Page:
If you want to enjoy to the fullest all the many goods things in life, avoid making comparisons. Comparisons can lead you to devalue, needlessly, what you have.
Bertrand Russell captured this process well in his engaging and useful book, The Conquest of Happiness
The person thinking in comparative terms says,
"Yes....this is a sunny day, and it is springtime, and the birds are singing, and the flowers are in bloom, but I understand that the springtime in Sicily is a thousand times more beautiful, that the birds sing more exquisitely in the groves of Helicon, and that the rose of Sharon is more lovely than any in my garden.' And as he thinks these thoughts the sun is dimmed, and the birds' song becomes a meaningless twitter, and the flowers seem not worth a moment's regard. (p. 88)"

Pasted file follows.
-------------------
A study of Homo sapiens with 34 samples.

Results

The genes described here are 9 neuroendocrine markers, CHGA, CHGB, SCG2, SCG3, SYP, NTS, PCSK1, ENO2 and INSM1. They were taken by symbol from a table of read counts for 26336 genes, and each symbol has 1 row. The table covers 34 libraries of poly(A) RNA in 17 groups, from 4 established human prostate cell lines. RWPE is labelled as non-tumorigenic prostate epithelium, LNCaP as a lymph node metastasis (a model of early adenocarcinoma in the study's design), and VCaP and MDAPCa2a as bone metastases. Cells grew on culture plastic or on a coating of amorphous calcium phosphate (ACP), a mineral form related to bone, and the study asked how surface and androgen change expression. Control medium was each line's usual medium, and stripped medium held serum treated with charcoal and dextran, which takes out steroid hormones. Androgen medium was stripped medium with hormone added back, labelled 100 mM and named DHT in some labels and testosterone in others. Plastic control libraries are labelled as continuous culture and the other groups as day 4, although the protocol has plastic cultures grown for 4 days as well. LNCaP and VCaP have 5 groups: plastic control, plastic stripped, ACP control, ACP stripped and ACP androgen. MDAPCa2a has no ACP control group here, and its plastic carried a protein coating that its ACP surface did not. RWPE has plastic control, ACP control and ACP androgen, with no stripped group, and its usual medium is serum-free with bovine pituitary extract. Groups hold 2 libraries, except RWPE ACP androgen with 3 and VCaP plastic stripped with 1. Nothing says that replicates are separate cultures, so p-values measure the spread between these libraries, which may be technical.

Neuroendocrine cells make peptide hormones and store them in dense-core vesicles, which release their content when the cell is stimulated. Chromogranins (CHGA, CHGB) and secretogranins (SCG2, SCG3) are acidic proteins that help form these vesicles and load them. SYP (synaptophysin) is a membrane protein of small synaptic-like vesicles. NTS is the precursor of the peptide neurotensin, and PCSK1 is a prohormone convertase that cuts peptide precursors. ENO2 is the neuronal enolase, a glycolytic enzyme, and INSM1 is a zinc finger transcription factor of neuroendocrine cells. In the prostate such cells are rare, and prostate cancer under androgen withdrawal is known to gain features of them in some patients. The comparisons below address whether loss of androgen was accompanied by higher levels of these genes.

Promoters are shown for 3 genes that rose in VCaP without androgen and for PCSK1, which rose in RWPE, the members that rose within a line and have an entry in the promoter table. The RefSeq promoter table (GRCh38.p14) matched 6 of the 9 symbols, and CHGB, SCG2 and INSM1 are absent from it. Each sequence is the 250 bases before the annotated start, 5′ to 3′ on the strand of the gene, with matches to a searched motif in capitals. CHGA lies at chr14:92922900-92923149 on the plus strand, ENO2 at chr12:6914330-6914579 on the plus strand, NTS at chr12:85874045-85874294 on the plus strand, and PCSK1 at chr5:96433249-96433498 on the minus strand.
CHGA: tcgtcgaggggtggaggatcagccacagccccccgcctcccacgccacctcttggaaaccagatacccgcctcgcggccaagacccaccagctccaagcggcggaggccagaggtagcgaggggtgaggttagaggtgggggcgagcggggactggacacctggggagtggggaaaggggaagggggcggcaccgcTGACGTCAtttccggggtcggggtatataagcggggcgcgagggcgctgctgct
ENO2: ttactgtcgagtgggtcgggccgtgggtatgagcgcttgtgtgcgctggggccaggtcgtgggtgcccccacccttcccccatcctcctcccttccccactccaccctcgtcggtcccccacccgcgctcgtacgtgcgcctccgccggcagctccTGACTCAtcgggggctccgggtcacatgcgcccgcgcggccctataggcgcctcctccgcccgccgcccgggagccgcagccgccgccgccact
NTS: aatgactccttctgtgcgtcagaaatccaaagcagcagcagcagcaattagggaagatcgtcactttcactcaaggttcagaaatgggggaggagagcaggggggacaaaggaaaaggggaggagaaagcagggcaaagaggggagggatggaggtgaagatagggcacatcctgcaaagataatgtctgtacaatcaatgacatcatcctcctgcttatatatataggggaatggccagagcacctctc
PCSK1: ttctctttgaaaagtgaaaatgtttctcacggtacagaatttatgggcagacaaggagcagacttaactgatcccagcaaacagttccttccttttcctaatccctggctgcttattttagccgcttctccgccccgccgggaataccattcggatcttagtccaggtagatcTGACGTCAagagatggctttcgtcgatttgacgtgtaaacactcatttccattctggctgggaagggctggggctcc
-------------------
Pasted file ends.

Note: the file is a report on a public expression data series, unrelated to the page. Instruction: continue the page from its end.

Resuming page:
Russell viewed this is a "fatal" habit, both "pointless and foolish," ruinous in its effects on a person's capacity to enjoy life.
Contemporary findings in psychology, especially the work on the powerful effects of gratitude
on happiness, support Russell's observations. Grateful people are usually happy people. Envious people are often unhappy.
And so, avoid comparisons. You will probably discover that many things in life create pleasure rather than disappointment -- from the delights found in your backyard, the vintage of wine in your wine glass, to the features you see in the person with whom you are most intimate.
When you look back at the road sign marking the path you have travelled, it might just read: HAPPINESS.